Wellbeing: Proactive or Reactive?



04 October 2021

Research and analysis published by The Department for Work and Pensions in July highlights some interesting trends and differences in how employers shape their approach to workforce health and wellbeing issues.

The research was published alongside the Health is everyone’s business consultation response, and reflects a survey of employers undertaken before the arrival of COVID-19 in the UK.   And although the findings may have been somewhat overtaken by the health crisis that followed, it still provides a useful indicator as to employer attitudes and actions in this increasingly important area.

So what does this research tell us?

Proactive or Reactive?

One of the key findings is how employers perceived their approach to workforce health and wellbeing issues, with more than half (55%) of the employers surveyed describing their approach as “reactive”. 

This indicates that the majority of employers are perhaps not taking the challenges of health and wellbeing as seriously as they should.  Yet the research also highlighted a significant difference in the support offered to workers.  Indeed the report states;

“A proactive approach was more common amongst large (72%) than small employers (44%)”

And then suggests that this disparity in employer support might stem from the more regular encounters of sickness absence within larger organisations.  The document goes on to say that;

“large employers are more likely to have experienced long-term sickness absence than their smaller counterparts”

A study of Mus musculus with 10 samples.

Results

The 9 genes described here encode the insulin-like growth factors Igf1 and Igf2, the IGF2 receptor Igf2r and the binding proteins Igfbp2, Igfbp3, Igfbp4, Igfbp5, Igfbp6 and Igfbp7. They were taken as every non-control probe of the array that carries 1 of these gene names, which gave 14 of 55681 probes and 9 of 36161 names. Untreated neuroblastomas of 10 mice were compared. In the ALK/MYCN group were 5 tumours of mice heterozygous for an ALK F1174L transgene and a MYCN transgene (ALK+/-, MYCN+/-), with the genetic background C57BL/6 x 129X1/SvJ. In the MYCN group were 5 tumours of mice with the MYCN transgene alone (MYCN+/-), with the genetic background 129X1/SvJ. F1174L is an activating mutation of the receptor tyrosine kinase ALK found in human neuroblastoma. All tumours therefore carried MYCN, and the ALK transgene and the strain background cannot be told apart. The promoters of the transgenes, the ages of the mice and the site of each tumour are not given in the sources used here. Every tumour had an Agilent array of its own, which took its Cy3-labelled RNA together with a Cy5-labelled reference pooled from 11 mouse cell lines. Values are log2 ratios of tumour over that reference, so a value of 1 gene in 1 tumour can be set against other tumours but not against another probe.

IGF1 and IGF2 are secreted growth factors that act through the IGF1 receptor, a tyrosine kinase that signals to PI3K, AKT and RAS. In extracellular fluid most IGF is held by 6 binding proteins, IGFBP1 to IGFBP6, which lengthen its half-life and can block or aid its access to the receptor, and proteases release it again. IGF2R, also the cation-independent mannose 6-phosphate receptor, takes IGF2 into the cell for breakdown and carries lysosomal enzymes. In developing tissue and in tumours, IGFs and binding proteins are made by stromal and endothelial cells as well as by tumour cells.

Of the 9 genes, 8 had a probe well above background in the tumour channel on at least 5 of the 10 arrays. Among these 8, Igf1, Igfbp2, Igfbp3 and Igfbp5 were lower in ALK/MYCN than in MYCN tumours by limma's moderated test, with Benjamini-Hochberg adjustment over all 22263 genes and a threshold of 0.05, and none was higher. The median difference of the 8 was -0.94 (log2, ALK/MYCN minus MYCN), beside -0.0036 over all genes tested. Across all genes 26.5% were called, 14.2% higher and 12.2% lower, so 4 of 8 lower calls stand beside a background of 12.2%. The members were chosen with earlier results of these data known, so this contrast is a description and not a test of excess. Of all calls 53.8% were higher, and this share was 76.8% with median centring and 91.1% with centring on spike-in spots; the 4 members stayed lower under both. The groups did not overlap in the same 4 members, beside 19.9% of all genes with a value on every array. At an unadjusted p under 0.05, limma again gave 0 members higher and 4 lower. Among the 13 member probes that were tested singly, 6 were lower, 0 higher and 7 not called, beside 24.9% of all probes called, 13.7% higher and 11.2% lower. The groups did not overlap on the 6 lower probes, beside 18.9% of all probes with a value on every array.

And this assertion is supported by the experience figures of 86% and 15% for the two employer groupings respectively. 

Incidence v Impact

Of course the above findings are only to be expected.

After all an organisation with 50,000 employees will encounter long-term absences on a daily basis, so it makes sense that many large employers are combatting these regularly occurring problems with investments in health and wellbeing initiatives and support.

Whereas an employer with just 50 workers might well go many years without a long-term staff absence issue arising. 

Yet, paradoxically, when a long-term absence does arise a smaller employer may feel the impact to their business and bottom-line far more acutely than their larger counterparts.  This is because an employer with fewer resources and personnel will often find it far more difficult to cover the workload of a long-term absentee.

Protecting your workforce

The reality is that employers of all sizes face real challenges in the area of long-term sickness absence, and therefore have good reason to invest time and money in policies and practices that can support health and wellbeing in the workplace. 

And the need to do so is now probably even greater than it was when the research was first undertaken.  Many UK businesses are desperate to bounce-back to full productivity after eighteen months of restrictions, and that goal is only likely to be achieved if employees are fit, well, and (of course) able to work. 

So we would urge many more employers to engage with workforce health and wellbeing initiatives for the first time, or to revisit what is already available to ensure that the offering remains fit for purpose.  Tools that can be deployed include remote access to a GP, the better use of the humble Fit NoteGroup Income Protection policies, and (of course) company-sponsored private healthcare.    

For more information on any of the above topics, please speak to your usual Howden Consultant in the first instance, or visit our website for other contact options.  

Published 04/10/21

Steve Herbert

Steve Herbert

Steve is Head of Benefits Strategy, Howden Employee Benefits & Wellbeing, and is an award-winning thought leader on Pensions, Employee Benefits, and Human Resources issues. He is occasionally accused of making Employee Benefits interesting.